Economy, Business And Markets

Roads Ministry Selling Bonds Worth $685m

Roads Ministry Selling Bonds Worth $685m Roads Ministry Selling Bonds Worth $685m

Iran's Ministry of Roads and Urban Development is selling 24 trillion rials ($685 million at market exchange rate) of Islamic bonds to expand Iran's transport infrastructure early March.

The ministry's deputy for planning, Amir Amini, said the money will finance the ministry's rail and road projects.

The sukuk, Islamic Sharia-compliant bonds, will be offered in the Musharekah format, one of the 14 forms of Islamic contracts. This means the lender will be participating in the project and the borrower cannot use the funds for other purposes, IRNA reported.

The deputy minister did not say how much interest the new Musharekah bonds will bear.

Seven trillion rials ($200 million) of the money raised will fund Islamic Republic of Iran Railways' projects. Iran's railroads direly need upgrades.

The remaining 17 trillion rials ($485 million) will finance the construction and maintenance of motorways throughout Iran.

According to Amiri, if the government is unable to find buyers for the bonds, it can legally give the bonds to contractors of projects in lieu of payment. The current budgetary law allows the government to pay contractors bonds in place of cash to avoid falling behind payments.

"With the issuance of these securities, a large part of the Ministry Of Roads and Urban Development's debts will be cleared. Specifically, we can repay our debt to companies that are building, operating and maintaining motorways," he said.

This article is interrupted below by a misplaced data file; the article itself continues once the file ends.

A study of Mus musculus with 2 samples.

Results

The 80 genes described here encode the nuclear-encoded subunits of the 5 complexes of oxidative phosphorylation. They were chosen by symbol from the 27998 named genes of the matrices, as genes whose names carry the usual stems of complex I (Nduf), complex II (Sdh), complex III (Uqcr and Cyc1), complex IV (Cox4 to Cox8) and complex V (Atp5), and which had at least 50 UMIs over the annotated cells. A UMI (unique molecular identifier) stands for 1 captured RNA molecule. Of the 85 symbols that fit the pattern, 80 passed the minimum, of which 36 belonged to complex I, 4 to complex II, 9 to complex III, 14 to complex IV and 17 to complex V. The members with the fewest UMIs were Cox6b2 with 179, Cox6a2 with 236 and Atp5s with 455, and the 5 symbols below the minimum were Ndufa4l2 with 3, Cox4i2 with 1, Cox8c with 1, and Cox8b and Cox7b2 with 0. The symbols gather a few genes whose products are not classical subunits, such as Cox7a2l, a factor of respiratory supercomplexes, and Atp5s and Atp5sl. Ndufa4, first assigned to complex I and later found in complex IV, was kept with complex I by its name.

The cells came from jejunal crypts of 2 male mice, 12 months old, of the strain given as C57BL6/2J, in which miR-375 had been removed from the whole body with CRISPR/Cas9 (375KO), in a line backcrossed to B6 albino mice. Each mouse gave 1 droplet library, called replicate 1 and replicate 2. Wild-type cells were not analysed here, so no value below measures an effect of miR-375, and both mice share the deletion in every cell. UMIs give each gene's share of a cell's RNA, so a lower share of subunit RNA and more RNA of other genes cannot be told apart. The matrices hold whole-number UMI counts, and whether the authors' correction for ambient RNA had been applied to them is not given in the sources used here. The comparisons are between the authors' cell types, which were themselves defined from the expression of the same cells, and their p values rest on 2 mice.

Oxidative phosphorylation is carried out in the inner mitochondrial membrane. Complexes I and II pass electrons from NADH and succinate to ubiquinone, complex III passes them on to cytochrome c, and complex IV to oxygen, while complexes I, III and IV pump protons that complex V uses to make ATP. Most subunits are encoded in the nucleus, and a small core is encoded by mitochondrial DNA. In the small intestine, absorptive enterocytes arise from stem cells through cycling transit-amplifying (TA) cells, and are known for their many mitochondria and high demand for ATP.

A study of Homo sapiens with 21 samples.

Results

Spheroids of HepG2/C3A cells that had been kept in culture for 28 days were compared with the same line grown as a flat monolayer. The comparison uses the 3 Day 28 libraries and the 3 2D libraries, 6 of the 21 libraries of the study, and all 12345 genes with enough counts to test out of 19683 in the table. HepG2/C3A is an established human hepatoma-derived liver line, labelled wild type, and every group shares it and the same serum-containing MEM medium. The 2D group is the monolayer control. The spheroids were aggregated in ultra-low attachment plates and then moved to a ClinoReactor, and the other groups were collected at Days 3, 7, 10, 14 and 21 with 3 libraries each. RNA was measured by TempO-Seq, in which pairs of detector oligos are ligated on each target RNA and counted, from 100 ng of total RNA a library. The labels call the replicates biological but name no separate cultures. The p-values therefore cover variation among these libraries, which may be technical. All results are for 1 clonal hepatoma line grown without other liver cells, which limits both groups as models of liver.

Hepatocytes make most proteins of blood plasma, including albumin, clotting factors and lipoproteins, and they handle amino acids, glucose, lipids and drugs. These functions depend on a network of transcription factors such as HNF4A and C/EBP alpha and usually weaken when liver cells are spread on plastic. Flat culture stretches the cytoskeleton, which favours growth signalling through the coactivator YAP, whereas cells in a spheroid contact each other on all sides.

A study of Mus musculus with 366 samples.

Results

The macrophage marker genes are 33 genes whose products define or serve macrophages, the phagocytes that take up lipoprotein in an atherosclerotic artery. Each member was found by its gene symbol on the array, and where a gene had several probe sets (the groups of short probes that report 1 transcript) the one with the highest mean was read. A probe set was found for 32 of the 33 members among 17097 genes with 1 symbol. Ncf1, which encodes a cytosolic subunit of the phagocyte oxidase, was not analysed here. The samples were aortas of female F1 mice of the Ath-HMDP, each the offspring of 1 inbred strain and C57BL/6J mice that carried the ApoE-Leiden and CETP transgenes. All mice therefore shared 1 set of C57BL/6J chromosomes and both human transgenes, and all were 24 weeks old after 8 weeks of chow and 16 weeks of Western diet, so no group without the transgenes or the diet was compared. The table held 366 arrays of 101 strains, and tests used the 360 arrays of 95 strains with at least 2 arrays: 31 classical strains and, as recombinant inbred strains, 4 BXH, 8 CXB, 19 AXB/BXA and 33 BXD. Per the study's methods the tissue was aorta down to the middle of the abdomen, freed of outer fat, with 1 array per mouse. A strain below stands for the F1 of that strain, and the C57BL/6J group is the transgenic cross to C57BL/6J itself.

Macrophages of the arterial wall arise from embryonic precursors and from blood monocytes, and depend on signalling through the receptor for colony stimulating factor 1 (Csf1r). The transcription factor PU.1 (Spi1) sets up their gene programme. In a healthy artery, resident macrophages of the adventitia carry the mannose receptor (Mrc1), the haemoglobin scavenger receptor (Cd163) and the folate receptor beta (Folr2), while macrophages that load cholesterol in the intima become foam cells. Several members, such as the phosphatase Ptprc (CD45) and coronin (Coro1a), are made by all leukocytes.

The government also owes 9 trillion rials ($257 million) to contractors in the railroad sector.

According to Amiri, the ministry will use 7 trillion rials of the money raised from the bond sale for repaying that debt, "if the bonds are well received."

"This way, around 2 trillion rials of the rail sector's debt will remain, which will be paid via other means."

Short of Cash

The bond sales are part of the government's new approach to financing. A slump in crude oil has withered the Iranian government's main source of income. The financial shortage has forced the government to look to debt markets and taxation for revenue.

The Rouhani Administration is having a go at taxation. It is streamlining personal income tax, revising corporate tax breaks and offering more incentives for job creation, under the "Comprehensive Taxation Plan" that will take effect in mid-March.

The other route is debt financing. On this front, the government is offering more and more bonds in the market, while legalizing newer forms of debt financing.

"The bond issues greatly reduced the number of projects we had on hold," Amiri said.

The ministry hopes to sell an additional 10 trillion rials of bonds in the near future, with plans for more borrowing later.